Lots of recent memory news to cover here. New announcements by Western Digital & Kioxia, Micron, Formulus Black, Samsung and Nexsan. These developments enable the next generation of IoT, AI and advanced networking applications.
Western Digital (and Kioxia) announced that that it has successfully developed its fifth-generation 3D NAND technology, BiCS5, built on triple-level-cell (TLC) and quad-level-cell (QLC) technologies. BiCS5 is Western Digital’s highest density and most advanced 3D NAND technology to date. Second-generation multi-tier memory hole technology, improved engineering processes and other 3D NAND cell enhancements significantly increase cell array density horizontally across the wafer.
WDC BiCS5 3D NAND
Image from WDC Announcement
WDC says that these “lateral scaling” advancements in combination with 112 layers of vertical memory capability enables BiCS5 to offer up to 40 percent more bits of storage capacity per wafer compared to Western Digital’s 96-layer BiCS4 technology, while optimizing cost. New design enhancements also accelerate performance, enabling BiCS5 to offer up to 50 percent faster I/O performance compared to BiCS4.
Western Digital has commenced initial production of BiCS5 TLC in a 512-gigabit (Gb) chip and is currently shipping consumer products built on the new technology. Production of BiCS5 in meaningful commercial volumes is expected in the second half of calendar 2020. BiCS5 TLC and BiCS5 QLC will be available in a range of capacities, including 1.33 terabit (Tb).
Micron Technology, Inc. announced it has delivered the world’s first low-power DDR5 in mass production to be used in the soon-to-be-released Xiaomi Mi 10 smartphone. Micron designed LPDDR5 DRAM to address the growing demand for higher memory performance and lower energy consumption across a wide array of markets, including automotive, client PCs and networking systems built for 5G and AI applications. According to Micron, LPDDR5 can provide more than a 20% reduction in power use compared to LPDDR4x memory.
Formulus Black announced its FORSA 3.1 software defined product for high performance storage. FORSA provisions industry-standard DRAM or forms of persistent memory (such as Intel’s Optane DC persistent memory) as POSIX compliant block storage, enabling applications running applications in-memory. The product leverages Intel Optane DC persistent memory’s App Direct mode to provide lower latency, higher throughput and persistent block storage to support data intensive and latency sensitive workloads.
According to the company, Formulus Black’s LEM storage devices (Logical Extensions of Memory), are POSIX compliant, enabling any application to run on persistent memory or DRAM without modification and benefit from the enhanced feature set and expanded enterprise storage functionality of the FORSA LEM.
According to the press release, in recent tests performed by StorageReview.com, FORSA running on a Lenovo SR950 with Intel Optane DC persistent memory enabled 10,591 TPS at 23.5ms 99th percentile latency for mixed read/write MySQL workloads. Compared to using “fast” local NVMe SSD storage, FORSA provisioned Intel Optane PMem storage enabled over 2x more TPS at less than 1/5th the latency.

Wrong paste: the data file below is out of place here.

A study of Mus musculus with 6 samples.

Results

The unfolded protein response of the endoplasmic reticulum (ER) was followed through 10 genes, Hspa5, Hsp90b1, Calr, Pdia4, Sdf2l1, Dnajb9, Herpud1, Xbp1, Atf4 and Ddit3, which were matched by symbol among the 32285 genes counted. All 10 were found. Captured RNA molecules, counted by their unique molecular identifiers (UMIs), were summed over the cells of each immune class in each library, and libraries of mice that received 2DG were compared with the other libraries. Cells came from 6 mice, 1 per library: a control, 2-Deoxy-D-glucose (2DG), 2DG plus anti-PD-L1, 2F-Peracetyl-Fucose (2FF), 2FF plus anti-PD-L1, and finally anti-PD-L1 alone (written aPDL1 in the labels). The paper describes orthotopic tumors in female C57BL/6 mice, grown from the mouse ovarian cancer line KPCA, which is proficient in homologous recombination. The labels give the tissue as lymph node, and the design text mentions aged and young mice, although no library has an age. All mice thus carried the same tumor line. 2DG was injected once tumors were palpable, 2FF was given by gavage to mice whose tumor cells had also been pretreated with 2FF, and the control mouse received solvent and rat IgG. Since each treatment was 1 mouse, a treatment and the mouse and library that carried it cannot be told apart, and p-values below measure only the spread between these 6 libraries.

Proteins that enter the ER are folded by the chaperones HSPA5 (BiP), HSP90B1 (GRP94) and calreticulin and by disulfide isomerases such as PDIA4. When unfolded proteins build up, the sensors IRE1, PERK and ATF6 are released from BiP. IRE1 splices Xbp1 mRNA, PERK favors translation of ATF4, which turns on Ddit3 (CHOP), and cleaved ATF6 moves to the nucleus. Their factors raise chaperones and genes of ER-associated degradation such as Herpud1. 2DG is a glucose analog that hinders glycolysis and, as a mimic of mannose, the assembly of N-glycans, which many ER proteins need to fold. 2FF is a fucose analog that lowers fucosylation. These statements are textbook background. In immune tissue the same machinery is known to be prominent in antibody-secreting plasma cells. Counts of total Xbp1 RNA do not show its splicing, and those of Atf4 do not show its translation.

Samsung launched its 3rd generation, ‘Flashbolt’, 16 GB High Bandwidth Memory 2E (HBM2E). According to Samsung the 16-gigabyte (GB) HBM2E is uniquely suited to maximize high performance computing (HPC) systems and help system manufacturers to advance their supercomputers, AI-driven data analytics and state-of-the-art graphics systems in a timely manner.
The company says its HBM2E is ready to deliver twice the capacity of the previous-generation 8GB HBM2 ‘Aquabolt’, the new Flashbolt also sharply increases performance and power efficiency to significantly improve next-generation computing systems. The 16GB capacity is achieved by vertically stacking eight layers of 10nm-class (1y) 16-gigabit (Gb) DRAM dies on top of a buffer chip. This HBM2E package is then interconnected in a precise arrangement of more than 40,000 ‘through silicon via’ (TSV) microbumps, with each 16Gb die containing over 5,600 of these microscopic holes.
Samsung High Bandwidth Memory Flashbolt Product
Samsung Product Image
Samsung’s Flashbolt provides a highly reliable data transfer speed of 3.2 gigabits per second (Gbps) by leveraging a proprietary optimized circuit design for signal transmission, while offering a memory bandwidth of 410GB/s per stack. Samsung’s HBM2E can also attain a transfer speed of 4.2Gbps, the maximum tested data rate to date, enabling up to a 538GB/s bandwidth per stack in certain future applications. This would represent a 1.75x enhancement over Aquabolt’s 307GB/s.
Nexsan released its new E-Series 18F (E18F) storage platform. The E18F is designed and optimized for quad-level cell (QLC) NAND technology, allowing users to accelerate access to extremely large datasets at industry leading economics.
According to Nexsan the E-Flex Architecture is the next logical iteration of the high performing Nexsan E-Series architecture. The E-Flex Architecture provides customers the flexibility to start with an extremely small footprint and grow the same footprint to several petabytes of storage. This architectural extension simplifies how customers can deploy and grow their E-Series systems over time.
Recent solid state storage and memory announcements including 3D NAND, DDR5 DRAM, HBM and Optane memory enable advanced applications for enterprise, industrial and IoT applications.